Most unexpected infant deaths due to unsafe bedding, CDC study shows

Vast majority of SUID cases due to unsafe sleep environment, while just 1% are truly inexplicable, new CDC study shows.

Arutz Sheva Staff ,

Baby sleeping in an unsafe sleep environment (illustrative)
Baby sleeping in an unsafe sleep environment (illustrative)
Flash 90

The majority of sudden unexpected infant deaths (SUID) occur due to unsafe bedding, a new study from the US Centers for Disease Control and Prevention (CDC) found.

The study, published Tuesday in Pediatrics, analyzed data from 4,929 cases of SUID between the years 2011-2017. It showed that blankets, pillows, crib bumpers, stuffed animals, and sleeping in a place other than a crib were associated with 72% of SUID events, NBC News reported.

SUID includes SIDS (sudden infant death syndrome) as well as other unexpected causes of infant death, such as accidental suffocation during sleep. In the study, just 1% of infant deaths were confirmed as unexplained; in the remaining 27%, information was insufficient to determine whether the death was preventable.

According to CDC, up to 3,500 babies in the US die every year due to SUID. Among ethnicities, American Indians and Alaskan Natives have the highest rates of SUID, followed by African Americans, NBC News added, quoting study author Sharyn Parks, who added, "We definitely want to figure out ways to better reach those populations and provide support."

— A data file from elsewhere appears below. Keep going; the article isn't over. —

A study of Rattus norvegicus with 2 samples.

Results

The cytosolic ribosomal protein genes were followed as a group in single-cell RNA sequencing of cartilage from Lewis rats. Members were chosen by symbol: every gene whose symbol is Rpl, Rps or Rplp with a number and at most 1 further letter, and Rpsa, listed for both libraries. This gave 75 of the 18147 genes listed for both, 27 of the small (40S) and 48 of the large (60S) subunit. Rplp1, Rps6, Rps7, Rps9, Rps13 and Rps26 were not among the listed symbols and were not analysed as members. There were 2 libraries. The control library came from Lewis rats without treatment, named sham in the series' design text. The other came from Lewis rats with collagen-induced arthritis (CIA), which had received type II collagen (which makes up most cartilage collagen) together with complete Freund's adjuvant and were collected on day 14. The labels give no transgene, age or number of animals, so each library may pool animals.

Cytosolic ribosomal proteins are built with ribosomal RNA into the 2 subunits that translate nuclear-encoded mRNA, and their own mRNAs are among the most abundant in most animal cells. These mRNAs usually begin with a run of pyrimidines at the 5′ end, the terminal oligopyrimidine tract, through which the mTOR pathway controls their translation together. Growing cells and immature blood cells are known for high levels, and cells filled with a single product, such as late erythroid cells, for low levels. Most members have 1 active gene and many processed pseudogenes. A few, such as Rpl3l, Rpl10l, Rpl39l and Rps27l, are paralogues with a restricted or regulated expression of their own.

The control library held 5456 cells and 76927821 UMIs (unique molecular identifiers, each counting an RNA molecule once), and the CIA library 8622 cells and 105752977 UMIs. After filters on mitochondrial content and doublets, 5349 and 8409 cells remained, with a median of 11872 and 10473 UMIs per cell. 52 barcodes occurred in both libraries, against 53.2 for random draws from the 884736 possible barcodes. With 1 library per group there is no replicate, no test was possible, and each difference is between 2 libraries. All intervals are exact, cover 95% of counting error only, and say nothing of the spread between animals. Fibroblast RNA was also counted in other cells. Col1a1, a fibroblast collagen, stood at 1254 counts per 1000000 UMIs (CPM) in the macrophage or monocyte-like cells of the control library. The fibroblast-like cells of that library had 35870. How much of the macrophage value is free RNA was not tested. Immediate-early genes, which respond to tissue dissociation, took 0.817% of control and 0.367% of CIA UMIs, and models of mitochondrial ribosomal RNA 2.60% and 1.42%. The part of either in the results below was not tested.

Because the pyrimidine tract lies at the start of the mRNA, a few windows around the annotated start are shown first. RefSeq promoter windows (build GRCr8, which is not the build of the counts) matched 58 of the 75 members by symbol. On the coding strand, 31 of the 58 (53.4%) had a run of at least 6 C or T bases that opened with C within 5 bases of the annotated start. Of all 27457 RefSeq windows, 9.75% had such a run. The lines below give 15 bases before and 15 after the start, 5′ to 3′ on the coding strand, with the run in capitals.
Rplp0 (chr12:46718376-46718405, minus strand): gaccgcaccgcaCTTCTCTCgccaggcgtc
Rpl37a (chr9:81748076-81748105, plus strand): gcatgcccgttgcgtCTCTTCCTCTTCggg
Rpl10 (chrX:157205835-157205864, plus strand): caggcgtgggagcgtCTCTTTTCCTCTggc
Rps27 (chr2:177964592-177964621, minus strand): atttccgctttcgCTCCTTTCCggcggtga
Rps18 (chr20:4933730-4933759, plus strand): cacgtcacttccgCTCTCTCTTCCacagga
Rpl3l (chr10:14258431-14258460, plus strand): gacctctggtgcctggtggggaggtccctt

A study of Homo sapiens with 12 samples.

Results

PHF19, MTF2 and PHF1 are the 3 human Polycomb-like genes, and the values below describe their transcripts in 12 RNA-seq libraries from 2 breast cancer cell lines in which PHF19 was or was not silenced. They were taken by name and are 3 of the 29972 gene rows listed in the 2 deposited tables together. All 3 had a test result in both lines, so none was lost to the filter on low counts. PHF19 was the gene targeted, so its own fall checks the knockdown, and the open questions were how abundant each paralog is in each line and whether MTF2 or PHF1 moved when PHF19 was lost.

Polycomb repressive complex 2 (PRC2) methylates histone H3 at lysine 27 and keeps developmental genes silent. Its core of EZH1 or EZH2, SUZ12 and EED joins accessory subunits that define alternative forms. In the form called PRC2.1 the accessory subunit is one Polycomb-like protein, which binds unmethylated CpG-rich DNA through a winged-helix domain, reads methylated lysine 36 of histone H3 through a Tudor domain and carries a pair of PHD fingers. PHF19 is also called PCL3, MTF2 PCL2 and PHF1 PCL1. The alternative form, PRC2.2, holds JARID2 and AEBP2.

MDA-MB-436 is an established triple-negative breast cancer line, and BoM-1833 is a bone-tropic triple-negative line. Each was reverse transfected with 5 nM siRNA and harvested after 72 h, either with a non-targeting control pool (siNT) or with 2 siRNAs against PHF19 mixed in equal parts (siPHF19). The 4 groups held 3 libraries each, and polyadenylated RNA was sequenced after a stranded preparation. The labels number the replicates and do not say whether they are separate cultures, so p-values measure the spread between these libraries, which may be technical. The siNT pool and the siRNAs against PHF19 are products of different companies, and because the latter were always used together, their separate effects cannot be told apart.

Parks, a senior epidemiologist at the CDC's Division of Reproductive Health, said, "We're also talking about infants being placed on surfaces other than a bassinet or crib — a couch, a recliner or an adult bed. We're seeing babies who are dying in all of those circumstances."

CDC and the American Academy of Pediatrics recommend that infants sleep on their backs on firm, flat surfaces, with no soft bedding, toys, bumpers, or padding near them. Infants should also sleep in the parents' room for at least the first six months of life, and preferably for the first year.

Breastfeeding and pacifier use reduce the risk of SIDS, while smoking increases the risk.